Historic designations and related protections can be a confusing stew of terms that in some ways defy logic. For example, how can a locally recognized landmark property be more protected than a National Register property? Though much has been written about our historic preservation toolbox, a simple way to review options for saving properties in Greensboro is as a three-tiered system of bronze, silver, and gold.
Bronze Level Preservation: National Register designation could be considered a Bronze Level preservation tool. This designation is considered the nation’s official list of buildings and districts that are worthy of preservation for their significance to broad themes of American history, architecture, archaeology, and culture. National Register designation ensures that properties of this caliber are considered in the planning of federal undertakings such as road construction. Designation of properties is made by the National Park Service in partnership with the North Carolina State Historic Preservation Office (SHPO) with owner consent. A National Register district, as opposed to an individual property, may be listed with consent of a majority of owners. Preservation is encouraged, not mandated, through historic preservation tax credits offered by federal and state governments in partnership with private owners. If owners want to use tax credits for work on National Register properties, changes must be approved by the SHPO. If owners do not want tax credits, there are no restrictions. Unfortunately, in North Carolina, privately-owned sites on the National Register may be destroyed without any notification to preservation groups or jurisdictions.
Conclusion: The National Register of Historic Places is an important tool for preservation interests. It is a carrot, not a stick, in terms of pairing financial incentives without the ability to prevent demolition of the resource.
Silver Level Preservation: “All politics is local” and so too, is historic preservation. In contrast to the National Register, local designations carry more protective powers in North Carolina. Greensboro enjoys two local-level historic preservation designations: local historic landmarks and local historic districts. Both are framed within state enabling legislation for local jurisdictions to participate (or not). Local Landmarks are designated by the Guilford County Joint Historic Preservation Commission, a quasi-judicial board that evaluates nominations. Local landmarks may also participate in a property tax deferral program that impacts a percentage of annual property taxes. Local districts are governed by the Greensboro Historic Preservation Commission (HPC), a quasi-judicial board that evaluates nominations. Importantly, both forms of local designations are subject to design review…but demolition cannot be denied, only delayed for up to one year. This is meant to serve as a “cooling off” period for creative solutions to be developed to save endangered properties.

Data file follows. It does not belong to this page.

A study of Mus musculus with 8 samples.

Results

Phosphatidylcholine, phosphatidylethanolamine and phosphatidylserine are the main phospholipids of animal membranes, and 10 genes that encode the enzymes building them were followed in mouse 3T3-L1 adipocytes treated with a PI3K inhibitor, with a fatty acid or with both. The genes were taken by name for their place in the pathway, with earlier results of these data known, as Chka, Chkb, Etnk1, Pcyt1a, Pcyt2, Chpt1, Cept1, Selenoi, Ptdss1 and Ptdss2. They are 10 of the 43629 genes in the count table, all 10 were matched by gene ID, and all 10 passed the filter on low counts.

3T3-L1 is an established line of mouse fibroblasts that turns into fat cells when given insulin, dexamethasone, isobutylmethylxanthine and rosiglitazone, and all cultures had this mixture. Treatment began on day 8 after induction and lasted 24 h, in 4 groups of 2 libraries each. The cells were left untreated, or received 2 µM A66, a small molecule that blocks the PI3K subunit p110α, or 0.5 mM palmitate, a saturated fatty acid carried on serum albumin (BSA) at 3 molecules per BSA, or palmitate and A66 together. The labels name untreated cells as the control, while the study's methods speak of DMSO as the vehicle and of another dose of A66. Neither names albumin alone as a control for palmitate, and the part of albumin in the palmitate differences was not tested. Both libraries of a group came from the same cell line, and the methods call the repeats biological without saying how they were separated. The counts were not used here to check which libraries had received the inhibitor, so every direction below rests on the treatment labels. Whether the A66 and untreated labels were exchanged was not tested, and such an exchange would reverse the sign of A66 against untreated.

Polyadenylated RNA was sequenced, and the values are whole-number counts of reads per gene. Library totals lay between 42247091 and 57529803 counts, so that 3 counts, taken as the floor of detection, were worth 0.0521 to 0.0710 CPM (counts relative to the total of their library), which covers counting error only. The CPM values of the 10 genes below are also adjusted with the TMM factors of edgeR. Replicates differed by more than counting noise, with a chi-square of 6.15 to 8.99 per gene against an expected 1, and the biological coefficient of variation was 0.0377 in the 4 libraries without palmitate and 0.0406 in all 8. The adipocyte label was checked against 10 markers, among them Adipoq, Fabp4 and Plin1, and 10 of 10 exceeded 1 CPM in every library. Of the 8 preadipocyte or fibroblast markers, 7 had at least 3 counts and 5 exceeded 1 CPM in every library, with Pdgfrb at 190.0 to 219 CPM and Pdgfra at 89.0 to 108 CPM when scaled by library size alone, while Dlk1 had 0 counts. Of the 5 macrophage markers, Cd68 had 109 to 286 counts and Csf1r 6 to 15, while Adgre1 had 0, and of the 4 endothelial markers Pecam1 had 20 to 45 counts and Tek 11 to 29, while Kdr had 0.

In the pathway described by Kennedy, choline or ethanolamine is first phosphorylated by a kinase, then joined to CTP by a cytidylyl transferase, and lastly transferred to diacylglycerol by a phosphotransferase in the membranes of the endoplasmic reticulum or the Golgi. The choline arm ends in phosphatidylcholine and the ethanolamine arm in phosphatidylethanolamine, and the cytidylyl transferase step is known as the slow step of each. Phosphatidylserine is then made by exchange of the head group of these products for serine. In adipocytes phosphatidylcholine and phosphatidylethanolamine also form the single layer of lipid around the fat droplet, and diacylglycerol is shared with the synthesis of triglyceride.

Conclusion: Local designations carry more protection of historic resources through design review and a demolition delay, but properties may still succumb to bulldozers if that is the will of a private property owner.
Gold Level Preservation: The gold standard for historic preservation in Greensboro is a preservation easement. An easement is a legal interest in real estate that is attached to the property’s deed that conveys control of architectural features, elevations, or landscape to an easement holder. Greensboro citizens have a choice of preservation easement holders – Preservation North Carolina and the Preservation Greensboro Revolving Fund are both nonprofit organizations established in 1975 and 1988, respectively, that have experience with easements. Owners of properties with preservation easements must communicate with the easement managing organization for changes to the property, and demolition may be denied. Unlike the previous two governmental tools, an easement program contains no regular economic tax credit or deferral.
Conclusion: In Greensboro, preservation easements are the strongest preservation tool available to save historic structures. Although the action of establishing an easement is voluntary, adherence to the terms remain binding through all future owners.
These historic preservation tools are recognized through the U.S. Constitution and North Carolina state law. Could they be stronger? Yes, if federal or state elected officials worked to strengthen the terms of these tools by increasing incentives or by toughening the ability to demolish listed structures. Some municipalities in North Carolina have gained local authority through the General Assembly to create higher standards related to maintenance or destruction of properties.
If you want to save an historic structure in Greensboro, one or more of these tools are needed to increase the odds of a preservation-friendly outcome. In Fisher Park, for example, the Hillside Estate (through the foresight of its previous owner Sandra Cowart) enjoyed both bronze and silver level preservation tools…resulting in a preservation success. In nearby Sedgefield, former owners of the Adamsleigh estate avoided these preservation tools, resulting in a threatened demolition of a valuable resource. The best time to preserve is before the threat takes shape.
Written by Benjamin Briggs
Preservation Greensboro contributes a key role in the growth of Greensboro’s economy and vitality through tourism, reinvestment, and place-making. With diverse initiatives that help you to restore, explore, and connect with your community, Preservation Greensboro provides a voice for revitalization, improved quality of life, and conservation of historic resources for future generations. Are you a member yet? Learn more about Greensboro’s only member-supported preservation organization by exploring our website or joining our Facebook page. Please join us today!